Obama’s economic policies will transform us into a Latter-Day Soviet Union.
This poster says it all.
Hammer and sickle squeeze out stars and stripes. Uncle Joe (Biden?) lurks in the background.
The prospect horrifies, even though more and more of us have no memory of the Soviet Union. Still, we are afraid of an amorphous red menace.
We may be right.
But, there was more to Soviet Russia than lousy universal health care.
There was also a lousy official culture.
That culture began with an unswerving devotion to the mythology of the origin of the state.
Here, for instance, is Lenin at the Finland Station. We see him upon his return from exile in 1917, greeted by crowds singing the Marseillaise. There is a solidity, an inevitability to him and the revolution. With outstretched arm, he declares: “Long live the worldwide Socialist Revolution!”
“This is the Place!”
This image produces discomfort; the discomfort is my Russian immigrant husband’s birthright and I have perversely adopted it.
When we moved, sight unseen, to Salt Lake City in the mid-1990s, we were greeted by a strangely familiar Brigham Young, no less solid and no less inevitable than Vladimir Ilyich. He, too, towers above us, arm outstretched.
Perhaps, after all, this is the place.
Did you notice, a local whispers to us, that Brigham Young stands with his back to the Mormon Temple and he gestures toward the bank. Wink.
Now we feel comfortable. There is a dissident movement here, too, and we, before even uttering the password, have been inducted into it.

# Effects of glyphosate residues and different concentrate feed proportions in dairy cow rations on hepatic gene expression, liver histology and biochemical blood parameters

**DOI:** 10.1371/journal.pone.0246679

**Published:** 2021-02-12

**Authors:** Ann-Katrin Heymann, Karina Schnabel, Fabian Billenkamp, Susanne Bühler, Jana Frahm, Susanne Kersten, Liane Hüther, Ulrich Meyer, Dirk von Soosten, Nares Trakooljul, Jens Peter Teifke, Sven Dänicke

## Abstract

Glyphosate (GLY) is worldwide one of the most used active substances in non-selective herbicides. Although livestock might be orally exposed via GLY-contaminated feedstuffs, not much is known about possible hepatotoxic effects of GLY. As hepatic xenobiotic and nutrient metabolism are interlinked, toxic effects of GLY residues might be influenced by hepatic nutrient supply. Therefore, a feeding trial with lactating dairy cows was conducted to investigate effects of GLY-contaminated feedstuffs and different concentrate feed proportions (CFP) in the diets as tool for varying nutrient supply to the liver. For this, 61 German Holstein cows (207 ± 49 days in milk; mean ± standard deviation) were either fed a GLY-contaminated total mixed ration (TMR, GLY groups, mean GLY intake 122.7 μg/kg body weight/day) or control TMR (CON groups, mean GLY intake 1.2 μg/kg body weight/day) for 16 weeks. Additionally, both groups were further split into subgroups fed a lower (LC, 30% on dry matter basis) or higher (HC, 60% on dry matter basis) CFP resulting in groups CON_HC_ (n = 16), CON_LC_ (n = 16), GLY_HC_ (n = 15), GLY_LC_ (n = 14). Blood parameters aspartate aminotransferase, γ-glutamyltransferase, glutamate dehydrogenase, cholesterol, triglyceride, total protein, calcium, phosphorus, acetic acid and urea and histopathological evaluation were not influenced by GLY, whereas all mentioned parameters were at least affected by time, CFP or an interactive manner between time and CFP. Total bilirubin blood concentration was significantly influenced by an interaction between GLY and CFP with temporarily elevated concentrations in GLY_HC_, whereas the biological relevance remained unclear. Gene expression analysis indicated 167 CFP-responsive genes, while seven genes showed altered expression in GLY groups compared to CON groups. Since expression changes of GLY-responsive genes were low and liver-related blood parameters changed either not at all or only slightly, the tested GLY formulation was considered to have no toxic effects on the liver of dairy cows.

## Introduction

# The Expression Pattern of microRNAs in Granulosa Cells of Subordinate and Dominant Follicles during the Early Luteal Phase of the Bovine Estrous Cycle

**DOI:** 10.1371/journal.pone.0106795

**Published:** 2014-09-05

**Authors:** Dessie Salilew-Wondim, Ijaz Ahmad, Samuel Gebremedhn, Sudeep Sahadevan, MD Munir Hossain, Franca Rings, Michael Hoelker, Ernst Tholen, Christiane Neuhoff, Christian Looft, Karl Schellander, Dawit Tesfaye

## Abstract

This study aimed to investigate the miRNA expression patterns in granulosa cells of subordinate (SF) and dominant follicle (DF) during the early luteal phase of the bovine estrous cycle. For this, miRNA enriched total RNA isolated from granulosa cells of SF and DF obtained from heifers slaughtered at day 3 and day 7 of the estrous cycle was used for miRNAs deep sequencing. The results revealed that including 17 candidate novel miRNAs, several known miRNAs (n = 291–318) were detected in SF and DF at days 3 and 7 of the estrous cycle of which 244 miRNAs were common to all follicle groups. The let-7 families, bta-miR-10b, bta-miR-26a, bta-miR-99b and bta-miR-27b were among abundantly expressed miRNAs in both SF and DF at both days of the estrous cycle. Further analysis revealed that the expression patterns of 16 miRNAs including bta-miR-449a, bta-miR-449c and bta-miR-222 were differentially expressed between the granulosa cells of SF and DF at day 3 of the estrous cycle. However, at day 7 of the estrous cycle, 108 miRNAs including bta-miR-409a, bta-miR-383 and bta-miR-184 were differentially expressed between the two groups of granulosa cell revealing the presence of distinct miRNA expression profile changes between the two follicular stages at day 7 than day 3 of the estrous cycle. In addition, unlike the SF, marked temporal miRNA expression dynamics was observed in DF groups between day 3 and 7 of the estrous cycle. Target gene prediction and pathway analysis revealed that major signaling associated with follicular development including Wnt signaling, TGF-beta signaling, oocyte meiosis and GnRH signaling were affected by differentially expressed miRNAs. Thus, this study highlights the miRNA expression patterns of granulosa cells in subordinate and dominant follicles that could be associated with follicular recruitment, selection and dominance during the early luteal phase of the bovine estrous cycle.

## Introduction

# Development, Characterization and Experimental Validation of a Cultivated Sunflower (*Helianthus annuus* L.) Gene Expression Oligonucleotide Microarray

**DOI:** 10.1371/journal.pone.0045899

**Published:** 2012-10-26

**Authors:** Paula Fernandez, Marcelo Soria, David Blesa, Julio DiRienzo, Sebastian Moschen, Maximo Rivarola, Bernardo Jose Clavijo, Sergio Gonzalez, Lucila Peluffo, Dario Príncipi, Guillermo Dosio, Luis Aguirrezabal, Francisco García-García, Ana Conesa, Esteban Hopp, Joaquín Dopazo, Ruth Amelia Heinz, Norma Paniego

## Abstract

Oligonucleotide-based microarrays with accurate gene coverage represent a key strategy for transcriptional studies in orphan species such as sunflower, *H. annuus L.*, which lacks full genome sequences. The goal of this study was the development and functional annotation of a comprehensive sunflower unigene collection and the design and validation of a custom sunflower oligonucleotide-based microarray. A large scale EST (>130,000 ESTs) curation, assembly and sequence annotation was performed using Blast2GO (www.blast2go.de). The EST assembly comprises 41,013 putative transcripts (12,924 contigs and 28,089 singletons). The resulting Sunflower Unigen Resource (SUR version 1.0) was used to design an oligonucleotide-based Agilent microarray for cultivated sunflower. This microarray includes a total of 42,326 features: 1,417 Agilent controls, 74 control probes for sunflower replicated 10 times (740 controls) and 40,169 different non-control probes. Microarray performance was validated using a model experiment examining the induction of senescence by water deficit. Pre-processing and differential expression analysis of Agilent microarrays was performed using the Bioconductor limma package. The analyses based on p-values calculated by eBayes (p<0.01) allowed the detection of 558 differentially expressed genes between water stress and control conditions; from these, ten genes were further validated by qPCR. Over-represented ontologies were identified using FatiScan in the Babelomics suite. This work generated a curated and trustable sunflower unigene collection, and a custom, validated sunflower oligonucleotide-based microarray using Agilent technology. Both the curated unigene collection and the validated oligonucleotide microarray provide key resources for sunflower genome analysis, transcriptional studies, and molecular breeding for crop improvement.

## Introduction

Next stop, the liquor store for more fringe camaraderie.
During our seven years in Utah, we encountered, for the first time, that “if you’re not behind us, get in front of us” variety of American patriotism that we had previously thought was peculiar to the Soviet Union. No room for equivocation; no room for discussion. There is a right way and a wrong way, in religion and in politics.
And there is a right way in art, a kind of Mormon Realism, I suppose:
“We’ve decided,” said our Salt Lake neighbor, “that any movie that is inappropriate for our children, is inappropriate for us, too.”
Only wholesome, uplifting messages, please. Chaste love stories; artistic renderings that affirm the goodness of our leaders:
I hasten to add that I admire and feel affection for many aspects of Mormon life, as I got to know it while I lived in Utah. At home, we joked that it was like living in a foreign country without the benefit of a language barrier; but that was friendly kidding.
Still, those years in Zion were our first inkling that the danger of cultural Sovietization of America may come not from the left, but from the religious right.